The world-class opera sets that artist David Hockney designed over a 30-year period sometimes brought to mind three-dimensional paintings: gorgeous and surreal, with purple forests, spacey blues, giant blocks and mad silhouettes acting as perfect complements to the music. Gradually, though, a congenital hearing problem stole his ability to do the work he loved, a decline documented in AMERICAN MASTERS “David Hockney: The Colors of Music.” “You lose the desire to hear,” says Hockney in the film. “If you still had that, it would be painful.” In the same offhand way, Hockney, one of the most popular and influential artists of the 20th century, describes himself as “just an artist who happens occasionally to work in the theater.”
That work has included sets and costumes for 11 operas over the past three decades for opera houses from Paris, London and Glyndbourne to New York, Chicago and San Francisco. AMERICAN MASTERS presents a rare and intimate portrait of Hockney and his artwork in “David Hockney: The Colors of Music,” airing Wednesday, July 18, at 8 p.m. on KUED-Channel 7.
“Imagine walking through the Metropolitan Museum of Art and seeing the paintings leap off the walls and spring to life. That’s the feeling I get watching this film. It allows us to enter David Hockney’s life at its most critical juncture,” says Susan Lacy, creator and executive producer of AMERICAN MASTERS, which recently won its eighth Peabody Award. “His keen awareness that each production may be his last invests this footage with an immediacy and passion that can be felt palpably.”
Filmmaker Maryte Kavaliauskas says of Hockney, “Not since Picasso has a painter directed his creative energy into stage design with such dedication and impact. To observe an artist at the very peak of his career, as he so beautifully melds a love of music with a passion for art, was a rare privilege.”
“The Colors of Music” takes viewers inside Hockney’s private passion and creative process. Knowing the importance of lighting in the theater, Hockney constructs large-scale models of each opera in his studio, working on them until he’s satisfied with the fusion of color and light, and then oversees their life-size construction.
The documentary, which Village Voice film critic Andrew Sarris named as #3 in his “Top Ten Documentaries of 2005,” garnered critical acclaim and several prizes during a two-year tour of film festivals before opening in New York City in 2005. In its review, Variety said Hockney’s “humor, inventiveness and dedication to how the smallest detail informs the eventual spectacle are touching and entertaining.” The New York Sun said the film is “bursting with joie de vivre and bonhomie, as exuberantly colorful as a Fauvist candy shop.” The New York Times noted that “the popular, revered painter acknowledges that he doesn’t hear so well anymore, and his radiant backdrops suddenly seem more than just stylized shapes and shadows. Clearly, he is using his eyes to make up for what his ears have lost.”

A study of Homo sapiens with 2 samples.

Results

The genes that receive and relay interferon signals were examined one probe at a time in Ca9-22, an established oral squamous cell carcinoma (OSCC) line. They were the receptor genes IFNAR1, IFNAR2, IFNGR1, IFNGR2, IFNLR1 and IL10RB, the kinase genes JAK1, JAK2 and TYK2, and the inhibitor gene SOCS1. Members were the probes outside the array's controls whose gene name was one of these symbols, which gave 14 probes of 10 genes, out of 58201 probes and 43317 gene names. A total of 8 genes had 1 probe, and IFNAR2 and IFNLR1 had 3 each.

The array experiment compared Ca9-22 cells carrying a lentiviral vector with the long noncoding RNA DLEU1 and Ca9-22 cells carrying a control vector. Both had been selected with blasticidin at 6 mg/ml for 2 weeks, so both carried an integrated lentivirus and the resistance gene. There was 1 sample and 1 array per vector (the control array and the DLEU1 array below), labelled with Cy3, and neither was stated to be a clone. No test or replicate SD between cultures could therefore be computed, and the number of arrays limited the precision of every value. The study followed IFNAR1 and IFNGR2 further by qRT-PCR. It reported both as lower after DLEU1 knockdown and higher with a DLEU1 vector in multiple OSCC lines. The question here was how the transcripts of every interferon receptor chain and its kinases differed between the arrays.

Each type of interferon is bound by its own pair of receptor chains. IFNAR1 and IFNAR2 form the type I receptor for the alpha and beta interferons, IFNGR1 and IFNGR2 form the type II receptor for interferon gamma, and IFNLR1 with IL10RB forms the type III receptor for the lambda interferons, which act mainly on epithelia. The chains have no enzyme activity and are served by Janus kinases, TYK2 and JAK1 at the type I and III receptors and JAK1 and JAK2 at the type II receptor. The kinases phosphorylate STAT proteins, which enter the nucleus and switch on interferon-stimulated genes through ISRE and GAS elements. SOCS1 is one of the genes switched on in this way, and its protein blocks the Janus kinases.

“I have always said how a hearing loss makes you aware of space — visually. Meaning sound will help locate you in space,” says Hockney. “You know generally the direction it’s coming from. I became aware of that … I am more aware.”
Granted intimate access, the filmmakers shadowed Hockney from 1991 to 1993, capturing him at his California home and studio, at the Grand Canyon and Monument Valley, in Paris and his boyhood home in England, and on stage and behind the scenes at world-class opera houses. The passing landscapes — scored with glorious music — show up time and again in his set designs for such operas as Parsifal and The Magic Flute.
With his oversized spectacles, Beatle-like blonde hair and whimsical clothes, the British-born Hockney looks as if he stepped out of one of his own sets. During numerous conversations with directors, actors, friends and studio assistants, his infectious passion becomes clear. There also is abundant evidence of his playful and inventive nature, as he uses everything from styrofoam balls to tortellini in fashioning colorful new worlds on stage.
Shortly after filming ended, Hockney’s deafness progressed to the point where he could no longer design new projects. His last opera was Richard Strauss’s Die Frau Ohne Schatten. In ensuing years, Hockney has turned his attention to the study of the history of painting and the use of optical devices in the development of perspective.
“The world is actually very beautiful,” Hockney says in “The Colors of Music.” “That’s why artists are here, I always thought, to show us new kinds of beauty.” AMERICAN MASTERS “David Hockney: The Colors of Music,” airs Wednesday, July 18, at 8 p.m.